Hyporheic zone investigations using combined parameters of dissolved radon and oxygen isotopes
2 Lehrstuhl für Hydrologie, Universität Bayreuth
3.5 in Groundwater-Surface Water Interactions – from the river reach to the catchment
The hyporheic zone (HZ) describes the interface between ground and surface waters. It plays an important role in the ecology of streams and their self-cleaning potential. In this project, we investigate the hypothesis that changing climatic drivers significantly endanger the function of the HZ. Increased temperature leads to increased respiration and formation of oxygen-reduced areas. This can worsen by accelerated deposition of fine sediment via more frequent heavy precipitation. Under conditions of low stream water levels (with high proportion of groundwater) reduced substances, such as Fe2+ and nitrite, enter the upper parts of the HZ and surface water. The contact with atmospheric oxygen leads to formation of areas of preferential oxidation of reduced substances (iron clogging, nitrification).
We combine Radon (Rn) measurements and modeled groundwater influxes with stable isotope measurements of dissolved oxygen (δ 18ODO). 222Rn has a half live of 3.82 days. Therefore, it can serve as a conservative tracer. Because it is a noble gas the only Radon sink in the saturated zone is radioactive decay. Emission and decay of Radon (222Rn) should result in an equilibrium state. However, hyporheic exchange may prevent the formation such equilibria, due to surface water infiltration. With this, Radon is increasingly used as tracer to investigate groundwater-surface-water-exchange.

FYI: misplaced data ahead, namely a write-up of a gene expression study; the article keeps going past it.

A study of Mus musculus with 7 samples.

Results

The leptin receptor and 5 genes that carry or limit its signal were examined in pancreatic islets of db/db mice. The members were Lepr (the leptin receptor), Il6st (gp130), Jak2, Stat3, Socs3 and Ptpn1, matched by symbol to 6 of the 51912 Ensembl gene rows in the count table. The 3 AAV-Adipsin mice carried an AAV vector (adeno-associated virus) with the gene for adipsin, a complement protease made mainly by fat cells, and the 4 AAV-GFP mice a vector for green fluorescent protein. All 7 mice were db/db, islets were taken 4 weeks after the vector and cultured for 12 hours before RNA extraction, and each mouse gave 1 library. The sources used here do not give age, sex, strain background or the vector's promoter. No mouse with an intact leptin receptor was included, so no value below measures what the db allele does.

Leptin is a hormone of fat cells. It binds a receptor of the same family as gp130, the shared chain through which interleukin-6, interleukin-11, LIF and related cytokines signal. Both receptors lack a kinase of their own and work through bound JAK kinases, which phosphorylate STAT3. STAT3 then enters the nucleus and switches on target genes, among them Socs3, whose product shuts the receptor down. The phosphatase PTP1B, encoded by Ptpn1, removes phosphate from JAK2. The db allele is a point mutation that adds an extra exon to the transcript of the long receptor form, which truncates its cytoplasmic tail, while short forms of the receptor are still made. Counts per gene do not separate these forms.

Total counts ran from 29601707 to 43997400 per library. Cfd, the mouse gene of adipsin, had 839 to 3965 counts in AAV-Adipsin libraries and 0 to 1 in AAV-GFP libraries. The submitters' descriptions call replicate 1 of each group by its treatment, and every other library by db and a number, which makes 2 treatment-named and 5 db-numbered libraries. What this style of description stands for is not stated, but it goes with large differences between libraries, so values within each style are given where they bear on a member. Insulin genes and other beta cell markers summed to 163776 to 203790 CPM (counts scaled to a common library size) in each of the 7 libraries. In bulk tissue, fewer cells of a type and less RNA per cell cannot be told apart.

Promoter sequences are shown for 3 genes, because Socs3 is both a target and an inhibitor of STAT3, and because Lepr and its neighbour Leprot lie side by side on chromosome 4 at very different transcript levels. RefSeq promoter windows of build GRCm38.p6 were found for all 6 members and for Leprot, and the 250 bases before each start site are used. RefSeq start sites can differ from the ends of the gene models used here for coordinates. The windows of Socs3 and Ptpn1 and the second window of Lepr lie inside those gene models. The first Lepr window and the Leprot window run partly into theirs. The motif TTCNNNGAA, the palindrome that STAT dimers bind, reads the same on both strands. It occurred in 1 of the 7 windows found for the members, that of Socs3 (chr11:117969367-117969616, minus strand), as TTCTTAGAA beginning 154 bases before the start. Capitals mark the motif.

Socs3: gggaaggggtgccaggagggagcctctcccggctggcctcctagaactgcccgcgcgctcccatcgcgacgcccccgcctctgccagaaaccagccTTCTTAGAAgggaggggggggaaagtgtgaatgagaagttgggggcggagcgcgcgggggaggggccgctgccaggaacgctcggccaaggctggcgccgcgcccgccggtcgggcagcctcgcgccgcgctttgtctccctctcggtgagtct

Stable oxygen δ 18ODO can be used to identify sources and sinks of dissolved oxygen (DO). In atmospheric equilibrium δ 18ODO values should have a value of ~24.6 ‰. The dominance of photosynthesis or respiration alter stable isotope ratios. Besides day-night cycles with dominance of photosynthesis during day and respiration during night, inputs of groundwater with typically very low oxygen contents and reduced substances into the hyporheic zone and stream water lead to an increased respiration signal in δ 18ODO in both compartments.
By combining these two methods we aim to learn more about influences of hyporheic exchange on respiration. We will present first results of this study.